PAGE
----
Certain things cling like a willowy blonde to a bald millionaire when it comes to mystery novels written in a series —
- You get to enjoy the same attractive characters time after time.
- You get to see the characters develop over time.
These positive points of light, however, can cast negative shadows —
- You may grow weary of plots that do not vary from a set pattern.
- You may wish for more than a drip or drab of gripping plot aspects that extend over a number of books.
In this review, we will look at two fine mystery series writers, Cara Black and Louise Penny.
And I will give my personal reaction to each writer and her series.
I am current, but just that, with the Aimee Leduc series that Black has been writing since 1999. I must admit to a certain fatigue concerning the series. I find that I have become restive concerning the way Aimee gets banged around in each title and the way that the author is stingy with details about Aimee’s mother, who disappears when Aimee is a child. From the 12 books that I have read in this series, I could collect the details about Aimee’s mom and fill about ten pages total. This is what drives Aimee, but it gets treated like a cheap trick.
For the first time in the many years that I have been following this series, I read a few pages of the 12th title and set the book aside and did not pick it up for a number of months. A new book in the series was announced for a 2013 release while I was sitting on Murder at the Lanterne Rouge like a broody hen.
Aimee Leduc, a spike-haired woman detective in 1990s Paris, works in computer security with her partner, Rene, a dwarf with a taste for fine clothes and cars. Aimee is continually derailed into detective work, to Rene’s constant irritation. She has a hard time saying no, and I am not talking about the string of bad boy lovers she has had over the years.
Rene’s irritation at Aimee has long since started to irritate this reader. The bad boy thing, too.
Mind you, I am likely to buy and read any book with Paris in the title, and this is how I found this series. It pains me to admit that I am tired of a certain sameness that has crept in that is just not the thing.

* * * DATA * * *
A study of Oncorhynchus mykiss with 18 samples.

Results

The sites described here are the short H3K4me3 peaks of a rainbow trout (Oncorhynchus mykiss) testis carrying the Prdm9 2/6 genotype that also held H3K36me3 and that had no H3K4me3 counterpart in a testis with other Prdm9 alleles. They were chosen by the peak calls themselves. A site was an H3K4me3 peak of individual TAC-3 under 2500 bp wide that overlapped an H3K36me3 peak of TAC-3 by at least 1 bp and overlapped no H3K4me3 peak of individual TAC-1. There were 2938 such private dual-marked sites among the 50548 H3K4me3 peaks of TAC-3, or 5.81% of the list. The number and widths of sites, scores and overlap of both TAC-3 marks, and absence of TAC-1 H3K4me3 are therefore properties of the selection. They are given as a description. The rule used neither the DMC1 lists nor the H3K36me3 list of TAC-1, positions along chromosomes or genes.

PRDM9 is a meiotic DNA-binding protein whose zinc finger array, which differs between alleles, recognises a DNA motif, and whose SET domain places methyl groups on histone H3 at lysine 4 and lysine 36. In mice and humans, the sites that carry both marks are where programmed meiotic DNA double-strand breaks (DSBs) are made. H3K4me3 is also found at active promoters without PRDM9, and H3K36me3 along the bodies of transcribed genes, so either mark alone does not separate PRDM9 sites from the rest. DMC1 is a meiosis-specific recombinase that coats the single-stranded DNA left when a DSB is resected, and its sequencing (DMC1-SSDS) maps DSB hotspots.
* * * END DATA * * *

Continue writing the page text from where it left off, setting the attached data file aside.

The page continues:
And the plot decision of making each book a month or so later than the book before means that Aimee has been banged up and in the hospital far too many times in an alarmingly short span of time.
In the real world, she would be a vegetable by now.
Leave the girl time to heal, already.
I am happy to report that I am current with the Chief Inspector Gamache series written by Quebec writer Louise Penny. The eight titles in the series, which started in 2005, have a depth of plot and character that keeps me coming back.
Black is the smoother writer of the two, but Penny delivers a deeper experience and a wider cast of characters. The occasional roughness in her writing points to a problem in the editing department but does not detract, and may just add, to the appeal of this writer for me. I have a connection with her, warts and all. Mine and hers.
The latest title, The Beautiful Mystery, takes place in a monastery, which is a departure for this series, which to this point has been set in a small, out-of-the-way village in Quebec named Three Pines.
I had a powerful experience, far beyond the usual for series novels, when I read The Beautiful Mystery. It all but invaded my dreams and certainly occupied several of my waking hours even after I had finished the book.
I love it when a book does that for me.
Go to www.fantasticfiction.com and type in Cara Black in the search box. Start with the first book in the Aimee Leduc series and get it as a used hardcover from Amazon for about ten bucks. See if the tough, pretty Aimee in her vintage designer dresses and heels grabs your heart. This is likely to happen, and I know that this is what a reader wishes.
Go to Fantastic Fiction and type in Louise Penny, and start with the first novel in the Chief Inspector Gamache series. Expect to pay considerably more for the first three titles in the series if you wish them to be hardcover first editions. If memory serves, I paid about forty bucks for a signed first edition. Or you can get all the titles for your eReader. I switched to Kindle versions after reading a number of the earlier titles in hardcover.
Both of these writers will give you good value, and depending on your tastes, can continue to do so.
I cannot wait to read the next Gamache title. There are at least three characters in crisis, and I care about each one.
I can wait to read the promised 13th title in Black’s Aimee Leduc series but one day I will, and I suspect that I will be glad that I did.
In reading over my comments on the Aimee Leduc series, I am startled by how snarky I sound, but maybe not as startled as you will be to hear me say that I recommend both writers’ series with equal zeal. My intention is to speak truth in love.
As a writer currently blushing like a flower unseen and wasting his sweetness on the desert air, I wish I had problem-reviews like this thing of light and darkness, mine.